Coming from Future Game Of London (FGOL) and published by Ubisoft, Hungry Shark World is the sixth installment in a series of games that had completely passed me by. Honestly, if I hadn’t been scratching around trying to find games featuring dolphins for a piece I wrote for National Dolphin Day I’d probably have missed this as well. And, without wishing to provide spoilers at this point, that would have been a shame. So come with me to a world of Hungry Sharks, and an ocean teeming with prey items, as we try and stay alive.
The basic premise of Hungry Shark World is a fairly simple one. You are a shark, and need to eat to live. And I mean exactly that, as if you don’t eat your life bar diminishes, and the only way to refill it is to snack upon some of the copious amounts of life surrounding you. These prey items range from crabs and tiny fish right the way up to humans out for a peaceful swim. Obviously the bigger the thing that you eat, the more health you will gain. Small fish and crabs are eaten automatically, just by swimming into them, but larger creatures and people require you to use your Shark Attack move. This allows you to grab a large prey item, savage it for a bit, then repeat if necessary to finish it off. Usually, people swimming on the surface of the ocean require only one attack, but the frogmen in their scuba gear need two. As you explore the regions, you will come across animals you can’t eat, such as larger crabs or jellyfish, but luckily the answer to these is usually to unlock a larger shark and come back later.
Unlocking new sharks is a great deal of fun, and requires either a lot of exploration, to find a collection of fossils, for instance, or to win a kind of boss fight. These are multi-stage things; normally starting by you finding a message in a bottle, which then leads you to a shark cage, usually guarded by a number of larger sharks that you have to defeat. This is done before smashing the cage to free your compatriot, generally unlocking them for use in the levels. The fights are pretty tricky though, with a lot of jellyfish or mines in the area, requiring you to get a good idea of what’s going on in relation to your shark, as well as being aware of where the bosses are. Thankfully you’re able to break off from the fight and go and eat your fill with the bosses patiently waiting for you if you do.
As new sharks are unlocked, not only can you eat bigger prey, you can also break through more substantial piles of rock, allowing you to explore more and more of the areas. There are four separate areas to unlock, by scoring high enough in the previous area, and range from an idyllic Pacific lagoon to the chilly Arctic Ocean. Exploring every inch is very much recommended, as there are treasure chests to find, gold to locate and lots of secrets to discover, not least of which because your shark can also continue attacking people on land. There’s nothing funnier than seeing your shark waddling across a beach, biting the ankles of unwary bathers and eating policemen. As you advance in the game, the humans do start to fight back, with the police shooting you, frogmen firing harpoons underwater, and jetskis crashing into you. Seeing your shark sail through the air, taking someone off the back of a jetski or even demolishing a fishing boat, never gets old. And if you find your way into a swimming pool, well it’s like shooting fish in a barrel…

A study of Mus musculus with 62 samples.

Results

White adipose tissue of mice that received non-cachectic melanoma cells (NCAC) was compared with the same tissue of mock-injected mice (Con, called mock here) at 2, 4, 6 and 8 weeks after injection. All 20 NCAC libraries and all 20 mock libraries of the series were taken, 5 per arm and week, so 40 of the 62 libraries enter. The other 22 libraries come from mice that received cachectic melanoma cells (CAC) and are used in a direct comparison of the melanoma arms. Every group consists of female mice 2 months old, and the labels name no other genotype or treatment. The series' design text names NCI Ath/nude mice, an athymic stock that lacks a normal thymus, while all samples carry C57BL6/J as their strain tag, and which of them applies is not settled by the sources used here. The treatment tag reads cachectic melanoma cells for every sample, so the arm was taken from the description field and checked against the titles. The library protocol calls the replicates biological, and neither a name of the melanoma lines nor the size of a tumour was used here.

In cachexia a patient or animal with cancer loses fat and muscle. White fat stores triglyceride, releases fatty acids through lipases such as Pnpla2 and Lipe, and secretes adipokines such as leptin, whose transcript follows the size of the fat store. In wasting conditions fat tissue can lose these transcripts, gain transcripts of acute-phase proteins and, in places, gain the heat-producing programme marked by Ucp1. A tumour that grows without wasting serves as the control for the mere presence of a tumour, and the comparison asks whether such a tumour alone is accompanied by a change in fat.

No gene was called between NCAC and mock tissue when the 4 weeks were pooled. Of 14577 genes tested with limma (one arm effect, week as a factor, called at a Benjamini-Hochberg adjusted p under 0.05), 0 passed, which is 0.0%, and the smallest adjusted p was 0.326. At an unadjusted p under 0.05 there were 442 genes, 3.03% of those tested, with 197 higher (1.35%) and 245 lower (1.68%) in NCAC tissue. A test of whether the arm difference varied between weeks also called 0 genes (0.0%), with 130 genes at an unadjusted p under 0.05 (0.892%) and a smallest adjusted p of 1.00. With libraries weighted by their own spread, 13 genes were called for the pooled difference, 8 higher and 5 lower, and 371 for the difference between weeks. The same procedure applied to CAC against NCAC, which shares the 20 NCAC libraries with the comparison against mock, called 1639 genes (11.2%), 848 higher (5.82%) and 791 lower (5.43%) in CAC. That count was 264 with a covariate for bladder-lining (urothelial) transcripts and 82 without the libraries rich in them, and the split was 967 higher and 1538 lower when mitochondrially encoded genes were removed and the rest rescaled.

Each shark that you unlock comes with a list of missions, requiring you to perform kills in a weird and wacky way, in a certain location, to collect specific items in one swim (such as the letters H,U,N,G,R and Y) or even just to survive for a certain amount of time. There are plenty of options open to try, and quite often you’ll find yourself going back to earlier sharks as you unlock certain accessories that can be equipped. These are very amusing, and come in different sets, such as warrior, clown, pirate and so on. If you’ve never played a game as a shark with a clown’s red nose on, what even are you doing with your life? So, having certain items also give you perks, the pirate outfit helping detect certain items, and the clown set delivering extra damage to a boss fish. Mixing and matching your outfit to suit your current set of missions is certainly recommended, but it is possible to find a set that gives you a balanced set of perks and that will allow you to survive longer. Each part of the kit costs a certain amount of gold, which your shark can find in the ocean, opening treasure chests and eating golden fish to gain coins. Getting a “Gold Rush” turns all the creatures nearby into gold animals, and a “Mega Gold Rush” turns literally everything into gold, including mines and creatures you can’t normally eat. These are the surest ways of accruing a nice stash of gold.
And that’s pretty much it for Hungry Shark World. With many, many sharks to unlock, a variety of different cosmetic items to unlock and buy, and four large worlds to explore, there’s a lot to go at here. It has an appealing graphical style, with each shark having a distinct look and personality, and the enemies being a varied bunch. If I’m being brutally honest, Hungry Shark World on Xbox One isn’t the deepest game you’ll ever play, but there is a great deal of fun to be had and eating anything that moves never gets old.